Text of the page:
BIOS60521-01 GLOBES Communication Module

This spring, the GLOBES Communications Workshop will be sponsored by the student-run SPI (Science Policy Initiative) and run by experts from the AGU (American Geophysical Union). GLOBES is providing some financial support. The workshop will prepare students to better communicate their scholarship with the public and government officials. The main meeting will be a Saturday workshop in February but other periodic meetings may be held as well to better prepare students to communicate clearly, rigorously, and confidently orally and in written form. Our seats are limited this time, so contact Gary Lamberti glambert@nd.edu if you wish to take the workshop.  Priority will be given based on need at this point in your degree program (with more senior students getting priority) along with your active participation in GLOBES events.

 

BIOS60206-01 Case Studies in Global Health

 

Professor Marie Donahue will offer a 1-credit course on global human disease problems, with an emphasis on in-depth case studies. She is director of Notre Dame’s Haiti Program and an expert on global health. This satisfies a GLOBES seminar requirement.

 

BIOS60522-01 Humans, Genes, Environment

Dr. Hope Hollocher will offer her provocative and integrative course on Humans, Genes, and Environment that discusses evolutionary genetics in the context of environmental change. This course has been a staple of the GLOBES program for many years and Dr. Hollocher encourages a diverse audience in this course. Note that it is cross-listed in both Biology and Anthropology, so you can take through either department.

BIOS60581-02 Water Law

This course in Water Law is offered by the fabulous Dr. Bruce Huber in the Law School. Dr. Huber will have GLOBES students participate in a subset of the class meetings, which will employ language and topics accessible to non-law students. This a terrific opportunity to learn about USA laws that govern the use and misuse of water. A term paper is required of you. Although listed as a seminar below, it is actually the Water Law course offered for 1 credit.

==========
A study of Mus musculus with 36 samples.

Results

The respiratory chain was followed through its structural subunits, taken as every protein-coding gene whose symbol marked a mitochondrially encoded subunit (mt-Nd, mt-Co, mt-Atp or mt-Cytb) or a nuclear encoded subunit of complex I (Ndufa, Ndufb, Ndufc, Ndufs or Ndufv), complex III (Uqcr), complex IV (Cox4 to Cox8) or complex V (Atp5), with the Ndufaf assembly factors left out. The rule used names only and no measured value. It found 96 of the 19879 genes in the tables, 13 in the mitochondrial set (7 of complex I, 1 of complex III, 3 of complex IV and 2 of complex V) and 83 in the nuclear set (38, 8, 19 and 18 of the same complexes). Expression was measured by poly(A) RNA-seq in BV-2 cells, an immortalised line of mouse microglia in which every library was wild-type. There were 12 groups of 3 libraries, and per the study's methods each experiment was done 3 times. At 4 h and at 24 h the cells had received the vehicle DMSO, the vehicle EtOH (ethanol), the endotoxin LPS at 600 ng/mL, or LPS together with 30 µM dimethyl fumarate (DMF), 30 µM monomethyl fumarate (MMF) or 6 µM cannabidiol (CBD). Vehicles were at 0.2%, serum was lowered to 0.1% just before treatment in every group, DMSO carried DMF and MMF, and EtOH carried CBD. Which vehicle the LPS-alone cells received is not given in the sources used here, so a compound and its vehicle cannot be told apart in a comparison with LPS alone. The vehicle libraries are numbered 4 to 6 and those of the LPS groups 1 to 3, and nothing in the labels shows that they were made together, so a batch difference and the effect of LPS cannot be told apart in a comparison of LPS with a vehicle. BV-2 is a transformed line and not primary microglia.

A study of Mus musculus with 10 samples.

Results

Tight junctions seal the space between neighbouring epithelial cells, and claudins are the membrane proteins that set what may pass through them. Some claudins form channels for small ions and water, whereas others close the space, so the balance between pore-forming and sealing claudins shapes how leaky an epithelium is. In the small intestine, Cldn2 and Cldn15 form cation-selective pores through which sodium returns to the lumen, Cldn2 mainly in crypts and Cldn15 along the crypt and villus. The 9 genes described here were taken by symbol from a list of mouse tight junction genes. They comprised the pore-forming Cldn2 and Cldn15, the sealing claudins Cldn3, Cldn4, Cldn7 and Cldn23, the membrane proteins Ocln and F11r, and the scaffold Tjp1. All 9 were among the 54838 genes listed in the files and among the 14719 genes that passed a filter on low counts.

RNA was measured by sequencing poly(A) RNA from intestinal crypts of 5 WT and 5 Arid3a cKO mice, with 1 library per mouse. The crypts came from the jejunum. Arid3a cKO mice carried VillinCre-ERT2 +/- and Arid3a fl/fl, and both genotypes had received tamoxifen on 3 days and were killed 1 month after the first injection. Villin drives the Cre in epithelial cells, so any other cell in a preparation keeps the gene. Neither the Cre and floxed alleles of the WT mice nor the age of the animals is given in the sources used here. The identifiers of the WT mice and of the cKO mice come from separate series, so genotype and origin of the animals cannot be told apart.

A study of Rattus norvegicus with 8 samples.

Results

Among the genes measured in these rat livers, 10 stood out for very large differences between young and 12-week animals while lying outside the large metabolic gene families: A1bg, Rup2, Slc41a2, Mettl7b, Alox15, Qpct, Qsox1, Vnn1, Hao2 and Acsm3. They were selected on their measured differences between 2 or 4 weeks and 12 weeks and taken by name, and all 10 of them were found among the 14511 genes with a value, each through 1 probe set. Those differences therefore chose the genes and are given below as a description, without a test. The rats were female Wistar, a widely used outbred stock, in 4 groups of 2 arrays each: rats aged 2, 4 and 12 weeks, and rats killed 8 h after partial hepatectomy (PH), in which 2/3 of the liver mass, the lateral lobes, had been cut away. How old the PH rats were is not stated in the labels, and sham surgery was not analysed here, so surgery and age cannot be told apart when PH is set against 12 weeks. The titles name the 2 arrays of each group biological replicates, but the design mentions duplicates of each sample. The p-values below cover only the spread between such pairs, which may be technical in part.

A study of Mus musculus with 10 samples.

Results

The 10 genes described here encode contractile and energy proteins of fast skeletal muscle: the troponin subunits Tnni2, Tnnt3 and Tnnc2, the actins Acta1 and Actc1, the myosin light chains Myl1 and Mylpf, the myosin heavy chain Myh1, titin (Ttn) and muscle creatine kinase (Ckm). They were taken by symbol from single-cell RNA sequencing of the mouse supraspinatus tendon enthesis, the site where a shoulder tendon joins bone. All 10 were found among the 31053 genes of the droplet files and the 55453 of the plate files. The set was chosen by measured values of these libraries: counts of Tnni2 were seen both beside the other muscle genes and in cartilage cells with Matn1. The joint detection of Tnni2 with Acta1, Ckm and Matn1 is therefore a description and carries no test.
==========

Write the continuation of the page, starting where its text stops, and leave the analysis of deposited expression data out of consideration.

ANTH60551-01 Space, Place and Landscape

This interdisciplinary course on Space, Place, and Landscape is a new offering in the GLOBES curriculum and explores human relationships with the built environment and the complex ways in which people consciously and unconsciously shape the world around them. Professor Deborah Rotman is an expert in historical archaeology, with a focus on Irish immigration.

 

Workshop: Apocalyptic Visions – Aesthetics, Theology, & Catastrophic Climate Change

 

Finally, you may want to consider taking a workshop (by application and approval only) led by Professor Roy Scranton in the Department of English. You will receive GLOBES Workshop credit for participating in this workshop.  In your application, you may want to mention your engagement in GLOBES.  

 

Description: Our world is changing. Wildfires circled the globe this summer from Norway to Montana, melting ancient permafrost and closing sections of Glacier National Park; green algae and red tides are turning Floridian beaches into toxic wastelands; global climate patterns are shifting; seas are rising; coral reefs are dying; the planet is heating up. The future looks a lot like hell.

 

Dystopian visions of the future inspired by climate change are more than empirical projections extrapolated from scientific models and contemporary trends. No one can doubt that the ecological catastrophe happening across our world today is an apocalypse, in the old sense of the word, which is to say a revelation: a revelation of humanity’s often unconscious capacities for transforming its environment and of the more-than-human forces that hold our species in their grip. Yet as with any vision, truth comes to us in images we’ve constructed, concepts we’ve created, and stories we’ve been told—in the recognizable aesthetic and intellectual forms, that is to say, that give meaning to experience.

 

Can we make sense of this unprecedented ongoing global event within the theological and aesthetic frameworks we’ve inherited? Are new visions possible? Is it enough to see the problem clearly, or must we also see beyond the problem into a new future? And what is the relation between aesthetics, catastrophe, and God?

 

Apocalyptic Visions will be a short series of events on the University of Notre Dame campus to discuss these questions at the intersection of aesthetics, theology, and catastrophic climate change. This series will consist primarily of four connected events.

 

The first event will be a screening of Paul Schrader’s critically acclaimed film, First Reformed, which tells the story of a Calvinist minister’s crisis of faith and radical grappling with the problem of climate change. This screening will be part of a short retrospective on Paul Schrader organized by the Browning Cinema, the second event in the series. The third major event will be a lecture from and discussion with director Paul Schrader about making his film, on Thursday, January 31. Finally, and most important, a one-day interdisciplinary symposium will be held on Friday, February 1, bringing together scholars from disciplines across Notre Dame—including philosophy, theology, English, and the sciences—to discuss the intersection of aesthetics, theology, and catastrophic climate change, taking Schrader’s film as a touchstone, provocation, and common point of reference.   


This symposium (again, taking place on Friday, February 1) will include junior and senior scholars as well as graduate students. To that end, we have set aside three slots on the day’s panels for Notre Dame graduate students.